In Unix, you can use IF_UNIX instead of IF_INET (i.e. named pipes instead of sockets). Right now in Windows you can open a socket using different protocols:

socket(AF_INET,    SOCK_RAW, IPPROTO_TCP);     //open an IPv4 socket
socket(AF_BTH,     SOCK_RAW, BTHPROTO_RFCOMM); //open a Bluetooth socket
socket(AF_NETBIOS, SOCK_RAW, IPPROTO_TCP);     //open an IPX/SPX socket
socket(AF_INET6,   SOCK_RAW, IPPROTO_TCP);     //open an IPv6 socket

Is there any way to open a named pipe socket? E.g. (hypothetical construct)

socket(AF_NAMEDPIPE, SOCK_RAW, IPPROTO_TCP);   //open a named pipe socket
    
@Matt have you been capturing stats across a global distribution of clients? I have seen a failure rate near 1% failure, but only from stats, not reproducible in > 10 test machines ... trying to form an idea if it's poor code quality in a system or those things are really unreliable (I just drove a reduction of more than 10 times the error rate in a specific action by taking out an unnecessary use of pipes). –  eglasius Aug 21 '12 at 16:43
    
@eglasius, no. I do not use pipes for communication across a network. My use of NetNamedPipeBinding is isolated to the local box, and that works reliably. I still use traditional sockets for crossing machine boundaries. –  Matt Davis Aug 21 '12 at 17:56
    
Sorry, I badly phrased it, what I mean are deployments on lots of PCs out there where the pipe is used only locally in those PCs. So same scenario, local use / but instead of a controlled environment, the one users out there have. –  eglasius Aug 22 '12 at 9:13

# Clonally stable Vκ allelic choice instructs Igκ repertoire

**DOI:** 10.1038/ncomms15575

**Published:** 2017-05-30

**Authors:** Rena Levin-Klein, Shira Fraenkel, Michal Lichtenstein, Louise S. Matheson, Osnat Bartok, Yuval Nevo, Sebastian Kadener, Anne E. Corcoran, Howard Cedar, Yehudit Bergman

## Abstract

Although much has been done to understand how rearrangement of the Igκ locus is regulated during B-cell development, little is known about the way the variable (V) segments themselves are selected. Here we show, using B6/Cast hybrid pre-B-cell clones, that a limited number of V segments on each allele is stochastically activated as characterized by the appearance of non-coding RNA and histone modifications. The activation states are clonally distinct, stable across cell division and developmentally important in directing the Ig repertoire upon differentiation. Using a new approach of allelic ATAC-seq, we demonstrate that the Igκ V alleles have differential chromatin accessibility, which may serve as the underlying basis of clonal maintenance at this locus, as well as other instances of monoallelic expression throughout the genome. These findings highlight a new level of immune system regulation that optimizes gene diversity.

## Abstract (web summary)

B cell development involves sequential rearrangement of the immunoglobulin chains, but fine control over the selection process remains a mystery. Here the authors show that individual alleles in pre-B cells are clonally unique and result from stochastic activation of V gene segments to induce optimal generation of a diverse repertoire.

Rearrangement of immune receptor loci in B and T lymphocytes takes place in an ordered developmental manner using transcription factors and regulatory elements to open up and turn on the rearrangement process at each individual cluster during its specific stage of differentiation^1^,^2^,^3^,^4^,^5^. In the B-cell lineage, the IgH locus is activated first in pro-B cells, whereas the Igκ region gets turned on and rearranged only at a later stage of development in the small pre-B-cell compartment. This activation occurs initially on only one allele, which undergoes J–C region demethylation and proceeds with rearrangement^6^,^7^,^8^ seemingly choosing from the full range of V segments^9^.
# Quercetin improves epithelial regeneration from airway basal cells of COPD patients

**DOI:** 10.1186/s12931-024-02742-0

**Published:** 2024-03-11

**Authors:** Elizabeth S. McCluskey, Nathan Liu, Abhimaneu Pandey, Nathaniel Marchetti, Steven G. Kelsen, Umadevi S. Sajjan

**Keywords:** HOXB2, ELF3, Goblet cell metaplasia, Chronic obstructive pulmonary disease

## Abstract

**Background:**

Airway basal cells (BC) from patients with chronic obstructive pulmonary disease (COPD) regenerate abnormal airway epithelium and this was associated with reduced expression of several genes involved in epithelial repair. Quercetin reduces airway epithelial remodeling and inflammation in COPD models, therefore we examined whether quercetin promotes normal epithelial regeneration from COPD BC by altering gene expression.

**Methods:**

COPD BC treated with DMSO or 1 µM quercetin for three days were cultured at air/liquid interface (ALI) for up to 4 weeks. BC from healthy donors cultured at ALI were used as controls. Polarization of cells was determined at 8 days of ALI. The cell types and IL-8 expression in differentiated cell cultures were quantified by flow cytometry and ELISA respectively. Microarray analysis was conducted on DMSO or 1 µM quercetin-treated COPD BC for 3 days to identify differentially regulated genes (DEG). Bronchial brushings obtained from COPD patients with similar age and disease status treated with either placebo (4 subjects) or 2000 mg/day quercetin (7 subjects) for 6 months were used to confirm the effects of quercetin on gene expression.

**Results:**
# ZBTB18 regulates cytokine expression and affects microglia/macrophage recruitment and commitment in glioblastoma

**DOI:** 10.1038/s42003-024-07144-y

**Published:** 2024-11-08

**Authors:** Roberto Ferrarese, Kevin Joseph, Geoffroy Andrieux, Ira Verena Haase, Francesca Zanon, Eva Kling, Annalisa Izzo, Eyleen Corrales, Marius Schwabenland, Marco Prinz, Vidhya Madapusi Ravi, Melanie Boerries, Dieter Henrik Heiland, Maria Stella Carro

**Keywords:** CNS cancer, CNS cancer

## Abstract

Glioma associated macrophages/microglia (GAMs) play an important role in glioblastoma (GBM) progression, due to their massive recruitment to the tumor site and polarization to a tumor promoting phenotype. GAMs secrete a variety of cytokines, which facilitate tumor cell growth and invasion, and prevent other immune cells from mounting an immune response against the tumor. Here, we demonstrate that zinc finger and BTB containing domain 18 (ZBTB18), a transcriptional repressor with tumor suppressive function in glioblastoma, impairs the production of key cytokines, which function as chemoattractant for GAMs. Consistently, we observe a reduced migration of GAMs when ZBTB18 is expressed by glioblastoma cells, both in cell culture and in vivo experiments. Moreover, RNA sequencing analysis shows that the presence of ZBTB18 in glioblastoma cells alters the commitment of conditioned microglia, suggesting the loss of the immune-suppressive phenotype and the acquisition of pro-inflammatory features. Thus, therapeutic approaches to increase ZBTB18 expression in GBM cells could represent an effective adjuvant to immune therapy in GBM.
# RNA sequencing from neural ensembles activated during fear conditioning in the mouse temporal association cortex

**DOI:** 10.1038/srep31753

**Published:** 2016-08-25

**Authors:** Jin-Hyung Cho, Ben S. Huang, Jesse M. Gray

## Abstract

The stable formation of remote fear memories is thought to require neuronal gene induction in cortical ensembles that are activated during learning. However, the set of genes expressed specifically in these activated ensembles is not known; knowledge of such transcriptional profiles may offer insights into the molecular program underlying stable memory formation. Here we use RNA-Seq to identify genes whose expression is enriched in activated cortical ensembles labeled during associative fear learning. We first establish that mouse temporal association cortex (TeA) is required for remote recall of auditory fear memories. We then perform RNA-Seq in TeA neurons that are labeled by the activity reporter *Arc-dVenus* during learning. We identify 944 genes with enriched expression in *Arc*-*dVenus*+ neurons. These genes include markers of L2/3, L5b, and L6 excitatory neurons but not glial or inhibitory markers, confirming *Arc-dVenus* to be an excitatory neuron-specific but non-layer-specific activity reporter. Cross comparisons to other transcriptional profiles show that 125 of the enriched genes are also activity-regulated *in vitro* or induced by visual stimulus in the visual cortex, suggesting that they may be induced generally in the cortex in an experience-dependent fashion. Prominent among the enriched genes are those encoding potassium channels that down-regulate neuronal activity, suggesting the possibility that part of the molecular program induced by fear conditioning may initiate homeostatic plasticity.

As John Cavan (who I think I once went to school with) says, using the loopback address should avoid the NIC and firewall altogether, and also gives you the ability of changing to a full client-server model (i.e. separate machines, possibly on different platforms) later on with minimal code changes.

I have also used shared memory successfully for same-machine communications. This is generally faster that TCP/IP and named pipes. However, I have found named pipes on Win32 to be reliable and relatively fast.

    
Another virtue of TCP/IP and Named Pipes, is synchronizing access to the shared memory, and indicating that data is ready. –  Ian Boyd Feb 22 '13 at 21:57

Have you looked at other alternatives such as shared memory? Nevertheless, the advantage of switching to sockets is that you could, later on, put the two processes on seperate machines and still communicate without code change (assuming you avoid the mistake of hardcoding the IP address).